Underlying Causes

Population Growth


Direct Causes


Agricultural Expansion

Ecological Changes

Water Pollution

Global Warming

Ozone Hole

Public Health Deficiencies



Lecture 21 : New Infectious Diseases (2) Overview
population increase
Population Increase
  • The world's population increased from 1.5 to 6 billion during the 20th century. By 2050 it may rise to 10 billion.
  • This has numerous knock-on effects.
  • More and more places are being integrated into a single capitalist world economy.
  • This economy is inherently exploitive, both locally (i.e. class) and globally (i.e. core-periphery).
  • Urbanisation at the end of the Neolithic and at the beginning of the Industrial Revolution was associated with an upsurge in infectious diseases.
  • 98 percent of the world’s people were farmers and villagers in 1800.
  • Soon half of the world’s population will be urbanites, many living in mega-cities of 10 million or more at high densities.
  • This will create massive problems of water supply, sanitation and waste disposal - i.e. ideal conditions for diseases to remain endemic.
  • Cities will act as a springboard for epidemics to infect other areas, including developed countries.
expansion into new areas
Expansion Into New Areas
  • Population pressure is forcing people to colonise new areas, especially tropical forests.
  • Two thirds of all the species of life on earth live in the rain forests.
  • Most have long-established symbiotic relationships with micro organisms.
  • If the host population is disrupted, humans may become the new host, possibly with devastating effects (cf. Marburg, Ebola).
ecological change
Ecological Change
  • As forests are felled, wetlands drained or savannahs are cultivated, rodents that thrive on the seeds of these crops or scavenge off human waste proliferate.
  • Examples: Lassa fever, Hantaan fever, South American haemorrhagic fevers, Kyasanur Forest disease.
  • In Asia, irrigation and wet farming breeds mosquitoes that carry malaria and dengue.
  • Reforestation led to emergence of Lyme disease.
  • Aswan dam (1970) caused Rift Valley fever and upsurge in schistosomiasis.
water pollution
Water Pollution
  • Pollution from sewage and nitrogen and phosphorus fertilisers causes eutrophication.
  • Algae consume oxygen, threatening other lifeforms.
  • Algae host bacteria and viruses, which exchange DNA to create new strains.
  • Algae in Sea of Bengal home to El Tor cholera vibrio which are ‘activated’ in freshwater river estuaries.
  • Cholera in algae in Sea of Bengal mutated to more threatening O139 strain.
global warming
Global Warming
  • CO2, CH4 and N2O pollution has created a greenhouse effect.
  • 100m people may be displaced from coastal areas by 2100.
  • Areas susceptible to flooding will be flooded more frequently and more severely.
  • Mosquitoes are already moving into areas further from the tropics and also to higher altitudes.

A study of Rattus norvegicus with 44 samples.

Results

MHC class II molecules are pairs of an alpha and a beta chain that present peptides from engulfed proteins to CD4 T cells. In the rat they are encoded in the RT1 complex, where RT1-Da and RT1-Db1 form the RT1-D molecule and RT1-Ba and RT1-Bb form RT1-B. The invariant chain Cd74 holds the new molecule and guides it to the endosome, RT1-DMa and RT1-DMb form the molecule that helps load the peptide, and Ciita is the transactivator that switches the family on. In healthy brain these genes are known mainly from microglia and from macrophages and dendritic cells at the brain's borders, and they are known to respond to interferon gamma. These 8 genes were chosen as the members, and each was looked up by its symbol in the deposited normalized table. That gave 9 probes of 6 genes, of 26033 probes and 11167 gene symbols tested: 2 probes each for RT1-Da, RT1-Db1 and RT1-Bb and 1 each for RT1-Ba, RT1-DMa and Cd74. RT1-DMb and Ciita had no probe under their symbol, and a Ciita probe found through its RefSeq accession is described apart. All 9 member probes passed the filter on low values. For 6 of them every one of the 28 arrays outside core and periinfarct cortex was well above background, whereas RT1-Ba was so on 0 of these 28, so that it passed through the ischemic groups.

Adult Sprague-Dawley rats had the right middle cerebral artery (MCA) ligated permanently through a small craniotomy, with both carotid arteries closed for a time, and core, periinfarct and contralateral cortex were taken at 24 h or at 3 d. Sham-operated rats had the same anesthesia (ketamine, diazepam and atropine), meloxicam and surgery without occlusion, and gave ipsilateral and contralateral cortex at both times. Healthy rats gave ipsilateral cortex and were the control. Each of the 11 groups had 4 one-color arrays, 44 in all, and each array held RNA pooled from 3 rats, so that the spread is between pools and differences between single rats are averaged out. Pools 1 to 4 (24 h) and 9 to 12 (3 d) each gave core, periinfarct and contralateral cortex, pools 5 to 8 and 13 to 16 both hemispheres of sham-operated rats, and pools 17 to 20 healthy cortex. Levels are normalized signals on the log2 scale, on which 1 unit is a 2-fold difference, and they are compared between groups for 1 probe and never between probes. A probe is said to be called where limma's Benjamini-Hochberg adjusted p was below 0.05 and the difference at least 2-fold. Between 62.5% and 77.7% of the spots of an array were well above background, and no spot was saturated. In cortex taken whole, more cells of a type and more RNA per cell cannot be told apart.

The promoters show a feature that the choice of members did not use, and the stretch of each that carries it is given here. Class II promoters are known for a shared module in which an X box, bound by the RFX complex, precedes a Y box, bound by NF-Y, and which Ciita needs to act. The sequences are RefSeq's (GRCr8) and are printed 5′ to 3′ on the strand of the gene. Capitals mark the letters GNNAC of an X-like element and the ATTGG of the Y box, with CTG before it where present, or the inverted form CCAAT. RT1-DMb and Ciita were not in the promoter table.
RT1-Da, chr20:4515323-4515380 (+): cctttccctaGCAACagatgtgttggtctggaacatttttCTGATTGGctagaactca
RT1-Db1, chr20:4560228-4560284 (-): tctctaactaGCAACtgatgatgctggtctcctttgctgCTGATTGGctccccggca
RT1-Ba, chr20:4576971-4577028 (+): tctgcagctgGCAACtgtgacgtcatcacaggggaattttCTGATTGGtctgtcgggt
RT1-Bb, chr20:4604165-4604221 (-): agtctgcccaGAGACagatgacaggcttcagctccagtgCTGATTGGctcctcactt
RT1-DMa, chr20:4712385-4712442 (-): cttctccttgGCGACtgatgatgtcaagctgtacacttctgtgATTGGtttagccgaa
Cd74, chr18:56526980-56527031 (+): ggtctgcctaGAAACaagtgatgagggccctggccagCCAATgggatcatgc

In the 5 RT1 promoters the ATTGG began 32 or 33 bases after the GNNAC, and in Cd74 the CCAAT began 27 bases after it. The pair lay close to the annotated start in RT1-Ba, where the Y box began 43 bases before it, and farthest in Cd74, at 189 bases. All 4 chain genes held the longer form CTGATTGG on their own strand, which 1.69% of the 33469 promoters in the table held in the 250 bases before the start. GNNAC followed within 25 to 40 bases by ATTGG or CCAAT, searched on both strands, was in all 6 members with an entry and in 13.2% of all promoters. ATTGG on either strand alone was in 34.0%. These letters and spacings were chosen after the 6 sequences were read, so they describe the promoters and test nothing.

• The number of malaria cases may increase by 50-80 million per year by 2025.
  • Britain and Ireland could see a return of malaria, and possibly even yellow fever and dengue; USA can expect Chagas disease.
  • Growth cycles of vectors will speed up, increasing likelihood of insecticide resistance.
ozone hole
Ozone Hole
  • Ozone layer in upper atmosphere is being depleted by chlorofluorocarbon (CFC) gases.
  • More of the Sun’s UV is getting through.
  • UV kills plankton, food source for fish.
  • UV kills cyanobacteria, essential for rice to grow.
  • UV increases risks of cancer, especially skin cancer.
  • UV intensifies mutations in plant life and algae microbes, increasing the risks of new ‘super bugs’.
public health deficiencies
Public Health Deficiencies
  • Public health in Third World countries is under-resourced due to poverty.
  • Do not have the resources to adequately provide clean water, process sewage, eradicate vectors, provide vaccines, etc.
  • Even in developed countries public health is under-resourced relative to therapeutic medicine.
  • Wars often result in collapse of public health.
  • STDs common due to rape.
  • HIV infection in Africa in 1980s tended to correspond to conflict zones, with knock-on implications for malaria and tuberculosis.
  • Wars cause mass population movements.
  • Refugee camps often very unhealthy.
  • Air transport makes it very easy to transmit a disease from one part of the world to another.
  • Ventilation systems within aircraft facilitate airborne infections.
other changes
Other Changes
  • Any change may have health implications.
  • Some changes reduce health problems – e.g. malaria was reduced in 18th century by introduction of three field system.
  • May also increase health problems in unanticipated ways – e.g. air conditioning systems (Legionaires disease), plastic bags and containers (as breeding grounds for mosquitoes).